Earlier today, The New York Times confirmed that members of the Merchant Customer Exchange (MCX) consortium are contractually obligated to reject mobile payment services other than the group’s upcoming CurrentC platform.
This is the reason companies such as CVS and Rite Aid have previously announced that they cannot accept customer payments from Apple Pay or Google Wallet, even though they have near field communication (NFC) terminals in stores.
The MCX is now attempting to clarify its position by noting that members are free to leave the organization at any time without facing a fine. They note:
MCX merchants make their own decisions about what solutions they want to bring to their customers; the choice is theirs. When merchants choose to work with MCX, they choose to do so exclusively and we’re proud of the long list of merchants who have partnered with us. Importantly, if a merchant decides to stop working with MCX, there are no fines.
In other words, MCX has now opened the door for members to exit the organization, as I expect many will do, without facing penalties.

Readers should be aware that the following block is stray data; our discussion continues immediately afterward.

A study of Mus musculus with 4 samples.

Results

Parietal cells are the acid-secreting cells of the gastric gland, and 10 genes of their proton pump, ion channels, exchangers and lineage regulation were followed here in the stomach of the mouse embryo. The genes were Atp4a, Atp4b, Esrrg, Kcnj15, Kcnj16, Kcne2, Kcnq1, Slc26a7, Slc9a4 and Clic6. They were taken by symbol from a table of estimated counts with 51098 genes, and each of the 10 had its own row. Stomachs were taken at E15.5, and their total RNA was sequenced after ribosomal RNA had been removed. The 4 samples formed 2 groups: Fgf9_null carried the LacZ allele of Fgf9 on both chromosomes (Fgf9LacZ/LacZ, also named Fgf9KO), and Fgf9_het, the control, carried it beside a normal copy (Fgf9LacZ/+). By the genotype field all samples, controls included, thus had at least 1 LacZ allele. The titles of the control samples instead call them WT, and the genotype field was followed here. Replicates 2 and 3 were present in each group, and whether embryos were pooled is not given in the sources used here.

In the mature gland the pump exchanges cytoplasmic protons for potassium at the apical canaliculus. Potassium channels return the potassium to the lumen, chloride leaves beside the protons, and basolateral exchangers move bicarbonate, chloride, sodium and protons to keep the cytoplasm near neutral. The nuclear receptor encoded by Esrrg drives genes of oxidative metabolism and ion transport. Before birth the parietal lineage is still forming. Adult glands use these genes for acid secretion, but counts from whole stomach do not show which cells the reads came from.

The New York Times noted that members would face fines if they remained with MCX and also accepted NFC payments.
As I noted earlier this week, MCX has no business trying to pick a fight with Apple or Google over mobile payments. Especially with a system, CurrentC, that has been panned by many for being outdated, insecure, and anti-consumer.
MCX includes Walmart, 7-Eleven, Best Buy, Dunkin’ Donuts, Kmart, Wendy’s, and other top-tier merchants. For a full listing of companies that are currently a part of the consortium and contractually cannot support Apple Pay, click here.